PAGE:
Migrant deaths in Europe reach six-year high
Three months after one of the deadliest migrant shipwrecks in the Mediterranean, little progress has been made in the investigation
When the smugglers came calling at the Hussein family home in Bhagwal in Pakistan’s Gujrat province, Adel Hussein still had no idea that his brother had drowned in a lethal Mediterranean shipwreck on 14 June.
“The mafia told us that Matlub had arrived safely in Italy and that we must pay the remaining $3,500,” said Adel Hussein. “But I couldn’t get through to him.”
The Hussein family had already paid half the $7,000 (£5,600) demanded by the smugglers so that Matlub and Adel could travel to the East Libyan port of Tobruq. Matlub was chosen over his sibling to board the Adriana, a rusted fishing boat bound for Italy. His brother stayed behind to wait for a second ship.
On 9 June, 700 migrants crammed into the boat, which soon developed engine trouble. Five days later, the Adriana sank off the Greek island of Pylos, taking most of its human cargo into the deepest trench in the Mediterranean. An estimated 510 people died, although Greek authorities have yet to issue a final total.
The Pylos shipwreck marks the latest maritime tragedy at a time of resurgent arrivals and a more confrontational European Union approach to migration. With 2023 hitting a six-year high in both migrant arrivals and deaths, European leaders are increasing efforts to enforce stricter responses to irregular migration, including closer coordination between rightwing governments in Greece and Italy and direct EU political and economic deals with Tunisia and sub-Saharan countries.
The summer fires and floods in Greece have further exacerbated the situation of migrants. The fires in Evros, northeastern Greece, a crossing point used by migrants, claimed at least 20 migrant lives. Prime Minister Kyriakos Mitsotakis appeared to blame migrants for the fires on 24 August when he described them as “man-made and manifested along routes used by illegal migrants”.
Migrant deaths at the end of August totalled more than 2,300 of the nearly 160,000 people who entered Europe, according to statistics from the UNHCR, marking a 19% increase on last year. One reason cited for the higher death toll is that migrants are choosing longer and riskier journeys across open seas to avoid detection by Greek authorities.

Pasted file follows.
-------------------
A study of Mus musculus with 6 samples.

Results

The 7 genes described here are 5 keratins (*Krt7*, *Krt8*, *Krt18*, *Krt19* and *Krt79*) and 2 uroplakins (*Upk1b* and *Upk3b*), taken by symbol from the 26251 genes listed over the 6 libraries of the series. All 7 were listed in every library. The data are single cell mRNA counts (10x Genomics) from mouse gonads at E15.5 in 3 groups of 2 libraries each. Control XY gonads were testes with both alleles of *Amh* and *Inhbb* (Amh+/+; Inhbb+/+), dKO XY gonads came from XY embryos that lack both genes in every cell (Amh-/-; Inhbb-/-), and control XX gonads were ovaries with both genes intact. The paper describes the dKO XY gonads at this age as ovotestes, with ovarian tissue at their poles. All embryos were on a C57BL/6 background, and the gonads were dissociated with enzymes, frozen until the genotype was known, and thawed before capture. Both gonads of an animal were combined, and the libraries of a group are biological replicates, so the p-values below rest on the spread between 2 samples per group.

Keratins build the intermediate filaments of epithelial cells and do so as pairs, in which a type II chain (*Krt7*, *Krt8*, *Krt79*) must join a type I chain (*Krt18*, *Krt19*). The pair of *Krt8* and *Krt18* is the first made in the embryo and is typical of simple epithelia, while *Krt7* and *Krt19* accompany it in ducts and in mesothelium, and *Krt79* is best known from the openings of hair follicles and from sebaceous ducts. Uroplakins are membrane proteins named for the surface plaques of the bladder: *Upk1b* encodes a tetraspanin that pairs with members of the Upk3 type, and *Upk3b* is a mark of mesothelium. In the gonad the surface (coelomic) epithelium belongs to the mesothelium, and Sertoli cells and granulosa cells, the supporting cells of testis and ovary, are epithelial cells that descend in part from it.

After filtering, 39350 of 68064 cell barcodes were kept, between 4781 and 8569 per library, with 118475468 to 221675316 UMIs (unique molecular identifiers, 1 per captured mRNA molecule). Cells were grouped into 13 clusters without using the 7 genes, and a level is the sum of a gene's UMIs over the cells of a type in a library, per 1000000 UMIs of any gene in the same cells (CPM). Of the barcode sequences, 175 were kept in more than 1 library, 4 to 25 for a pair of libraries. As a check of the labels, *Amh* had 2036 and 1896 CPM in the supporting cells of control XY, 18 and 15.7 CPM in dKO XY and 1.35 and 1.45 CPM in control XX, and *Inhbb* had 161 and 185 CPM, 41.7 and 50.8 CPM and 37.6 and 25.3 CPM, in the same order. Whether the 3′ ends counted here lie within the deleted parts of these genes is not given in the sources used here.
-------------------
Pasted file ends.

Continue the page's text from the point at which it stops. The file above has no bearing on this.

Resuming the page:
Adel Hussein sits on a bed in a shack shared with four Pakistani workers in a suburban district of Athens. A Pakistani survivor told him that Matlub had come up to the deck to sit with him for several hours at a time but when the Adriana sank, he was in the hold.
The Greek coastguard brought ashore 104 survivors and a further 82 bodies have been retrieved since July. Though the Greek government declared a three-day mourning period, victim testimonies soon emerged claiming that the coastguard — charged with implementing a years-long policy of pushing migrants back on land and at sea — may have been responsible for the disaster.
“The shipwreck happened because the Greek authorities chose not to rescue them but to tow them out of the Greek rescue zone, so that Italy or Malta would have to deal with them,” said Iason Apostolopoulos, a lifeguard activist engaged in rescues on the central Mediterranean migration route. “Their purpose is to prevent them from coming here, even if it’s so they can drown a little further along, in neighbouring waters.”
In July, mobile phones belonging to 20 survivors were discovered on a coastguard patrol boat and handed over to authorities in what is alleged to be an attempted cover-up of potentially crucial evidence relating to the ship’s last moments. Initial claims that the coastguard’s state-of-the-art camera system failed to record the shipwreck were disproved when Greek media broadcast a short coastguard-supplied video shot a few hours before the Adriana’s sinking, showing it keeling dangerously. The video reinforced the coastguard’s narrative that the overloaded ship sank of its own accord.
Those involved with the tragedy accuse the Greek government of criminal negligence. “There’s a mass grave beneath Pylos and it’s incredible that months later the Greek state cannot define how many these people are,” said Thanasis Kampagiannis, a lawyer leading an initiative to sue the Greek state on behalf of the victims’ relatives. “Not only do we still not have a final number of how many are missing, it seems that the Greek state doesn’t want there to be a fixed number.”
Three months after the incident, the Greek police’s Disaster Victim Identification unit has identified “over half” of the 82 bodies retrieved, according to an employee who requested anonymity.
The unit’s forensic experts are mobilised in the wake of large-scale disasters and can identify bodies through DNA testing, fingerprints, dental signs and other unique identifiers.
The victims’ bodies will be buried in Greece after being held in the morgue for a maximum of 40 days to give families time to claim them. Should a DNA match occur following the burial, authorities will allow the bodies to be repatriated to their country of origin.
In Athens, Adel sends £170 of the £600 he earns tending gardens in a wealthy suburb to Matlub’s wife and children. When Matlub’s ten-year-old daughter in Gujrat asks him where her father is, Adel can only say that he has gone off again on another of his journeys. But he is also fighting deportation after the state revoked his residency for declaring a wrong permanent address.
“This residency is mine and my family’s lifeline,” said Adel. “I’m now trying to remain in Greece so I can support my family in Pakistan, and because Pakistan is very corrupt.”